Objectivity in science is an attempt to uncover truths about the natural world by eliminating personal biases, emotions, and false beliefs. It is often linked to observation as part of the scientific method. It is thus intimately related to the aim of testability and reproducibility. To be considered objective, the results of measurement must be communicated from person to person, and then demonstrated for third parties, as an advance in a collective understanding of the world. Such demonstrable knowledge has ordinarily conferred demonstrable powers of prediction or technology.
The problem of philosophical objectivity is contrasted with personal subjectivity, sometimes exacerbated by the overgeneralization of a hypothesis to the whole. For example, Newton’s law of universal gravitation appears to be the norm for the attraction between celestial bodies, but it was later refined and extended—and philosophically superseded—by the more general theory of relativity.
The scientific method was argued for by Enlightenment philosopher Francis Bacon, rose to popularity with the discoveries of Isaac Newton and his followers, and continued into later eras. In the early eighteenth century, there existed an epistemic virtue in science which has been called truth-to-nature.: 55–58 This ideal was practiced by Enlightenment naturalists and scientific atlas-makers, and involved active attempts to eliminate any idiosyncrasies in their representations of nature in order to create images thought best to represent “what truly is.”: 59–60 : 84–85 Judgment and skill were deemed necessary in order to determine the “typical”, “characteristic”, “ideal”, or “average.”: 87 In practicing, truth-to-nature naturalists did not seek to depict exactly what was seen; rather, they sought a reasoned image.: 98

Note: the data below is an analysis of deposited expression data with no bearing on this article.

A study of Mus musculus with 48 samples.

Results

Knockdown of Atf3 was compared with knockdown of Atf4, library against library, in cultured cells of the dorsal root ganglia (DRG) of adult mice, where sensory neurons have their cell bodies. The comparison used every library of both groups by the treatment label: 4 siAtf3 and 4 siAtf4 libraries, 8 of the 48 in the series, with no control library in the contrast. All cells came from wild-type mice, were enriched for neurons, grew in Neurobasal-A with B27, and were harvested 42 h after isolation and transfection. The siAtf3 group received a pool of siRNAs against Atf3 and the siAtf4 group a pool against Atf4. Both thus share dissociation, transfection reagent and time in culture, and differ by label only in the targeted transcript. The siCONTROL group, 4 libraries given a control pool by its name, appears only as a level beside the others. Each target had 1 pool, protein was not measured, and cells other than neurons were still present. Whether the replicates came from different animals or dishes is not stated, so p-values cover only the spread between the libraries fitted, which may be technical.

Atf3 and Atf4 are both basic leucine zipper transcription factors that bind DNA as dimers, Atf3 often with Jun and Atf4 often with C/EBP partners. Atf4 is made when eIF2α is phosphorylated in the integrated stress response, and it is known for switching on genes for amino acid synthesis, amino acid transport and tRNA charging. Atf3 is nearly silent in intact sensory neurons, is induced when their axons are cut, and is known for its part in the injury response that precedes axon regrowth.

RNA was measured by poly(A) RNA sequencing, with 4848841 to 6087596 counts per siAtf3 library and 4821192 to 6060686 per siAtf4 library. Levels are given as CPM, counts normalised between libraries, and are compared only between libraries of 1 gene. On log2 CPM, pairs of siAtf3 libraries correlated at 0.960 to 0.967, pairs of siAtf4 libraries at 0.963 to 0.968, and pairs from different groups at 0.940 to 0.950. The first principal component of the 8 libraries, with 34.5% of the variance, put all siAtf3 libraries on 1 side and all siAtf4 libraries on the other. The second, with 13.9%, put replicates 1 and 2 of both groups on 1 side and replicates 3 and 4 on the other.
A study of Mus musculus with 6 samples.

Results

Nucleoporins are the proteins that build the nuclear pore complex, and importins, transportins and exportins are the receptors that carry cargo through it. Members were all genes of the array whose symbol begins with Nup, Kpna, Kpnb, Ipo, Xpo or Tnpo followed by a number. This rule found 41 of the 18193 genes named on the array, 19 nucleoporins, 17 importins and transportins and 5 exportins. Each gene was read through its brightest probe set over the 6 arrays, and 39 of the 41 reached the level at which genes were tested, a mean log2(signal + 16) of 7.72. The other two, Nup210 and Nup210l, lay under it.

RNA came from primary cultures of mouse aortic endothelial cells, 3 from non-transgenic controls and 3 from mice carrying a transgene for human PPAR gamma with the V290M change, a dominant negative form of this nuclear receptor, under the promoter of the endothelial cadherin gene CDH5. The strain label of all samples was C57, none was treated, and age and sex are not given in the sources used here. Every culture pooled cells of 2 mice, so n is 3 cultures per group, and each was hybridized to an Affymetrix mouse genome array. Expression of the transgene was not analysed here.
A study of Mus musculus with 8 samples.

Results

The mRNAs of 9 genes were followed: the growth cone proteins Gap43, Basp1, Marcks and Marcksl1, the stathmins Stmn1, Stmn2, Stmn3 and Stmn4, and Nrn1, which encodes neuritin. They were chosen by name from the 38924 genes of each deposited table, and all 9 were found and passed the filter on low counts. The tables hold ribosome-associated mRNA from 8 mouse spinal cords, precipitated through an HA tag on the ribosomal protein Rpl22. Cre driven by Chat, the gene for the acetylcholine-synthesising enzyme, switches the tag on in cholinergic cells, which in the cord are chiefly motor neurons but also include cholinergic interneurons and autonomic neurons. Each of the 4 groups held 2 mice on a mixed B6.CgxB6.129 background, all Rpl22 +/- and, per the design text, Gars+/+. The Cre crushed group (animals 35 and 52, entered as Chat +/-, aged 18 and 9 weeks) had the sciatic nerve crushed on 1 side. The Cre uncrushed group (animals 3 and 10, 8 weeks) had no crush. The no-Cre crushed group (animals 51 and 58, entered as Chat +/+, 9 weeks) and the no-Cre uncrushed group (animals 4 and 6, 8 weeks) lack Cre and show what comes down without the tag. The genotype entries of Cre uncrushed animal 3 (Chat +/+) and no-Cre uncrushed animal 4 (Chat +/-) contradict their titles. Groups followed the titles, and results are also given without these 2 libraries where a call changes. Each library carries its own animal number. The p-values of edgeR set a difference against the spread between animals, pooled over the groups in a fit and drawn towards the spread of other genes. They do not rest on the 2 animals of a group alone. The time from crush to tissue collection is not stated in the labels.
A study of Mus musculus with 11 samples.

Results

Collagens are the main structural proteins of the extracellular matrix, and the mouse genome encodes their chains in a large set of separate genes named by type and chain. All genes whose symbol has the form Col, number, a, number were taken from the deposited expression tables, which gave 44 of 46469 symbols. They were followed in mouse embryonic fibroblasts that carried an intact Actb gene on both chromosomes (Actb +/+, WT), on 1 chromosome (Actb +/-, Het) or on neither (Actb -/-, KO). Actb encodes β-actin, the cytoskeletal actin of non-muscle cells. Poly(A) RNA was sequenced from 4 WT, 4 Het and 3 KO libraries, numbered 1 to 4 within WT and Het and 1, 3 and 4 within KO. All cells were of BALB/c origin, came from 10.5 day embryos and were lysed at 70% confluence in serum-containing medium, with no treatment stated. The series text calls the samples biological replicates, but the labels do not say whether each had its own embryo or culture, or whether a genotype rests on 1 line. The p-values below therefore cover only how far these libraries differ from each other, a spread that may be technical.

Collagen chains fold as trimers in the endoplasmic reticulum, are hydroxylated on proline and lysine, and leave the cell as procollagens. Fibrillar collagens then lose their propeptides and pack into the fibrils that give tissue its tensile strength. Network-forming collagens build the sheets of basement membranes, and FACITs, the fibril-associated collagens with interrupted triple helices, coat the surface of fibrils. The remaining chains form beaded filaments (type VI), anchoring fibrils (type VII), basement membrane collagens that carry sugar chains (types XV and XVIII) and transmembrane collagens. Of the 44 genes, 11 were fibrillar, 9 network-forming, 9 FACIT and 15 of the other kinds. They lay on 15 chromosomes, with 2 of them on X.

In the latter half of the nineteenth-century objectivity in science was born when a new practice of mechanical objectivity appeared.: 121 “‘Let nature speak for itself’ became the watchword of a new brand of scientific objectivity.”: 81 It was at this time that idealized representations of nature, which were previously seen as a virtue, were now seen as a vice.: 120 Scientists began to see it as their duty to actively restrain themselves from imposing their own projections onto nature.: 81 The aim was to liberate representations of nature from subjective, human interference and in order to achieve this scientists began using self-registering instruments, cameras, wax molds, and other technological devices.: 121
In the twentieth century trained judgment: 309 supplemented mechanical objectivity as scientists began to recognize that, in order for images or data to be of any use, scientists needed to be able to see scientifically; that is, to interpret images or data and identify and group them according to particular professional training, rather than to simply depict them mechanically.: 311–314 Since the latter half of the nineteenth century, objectivity has come to involve a combination of trained judgment and mechanical objectivity.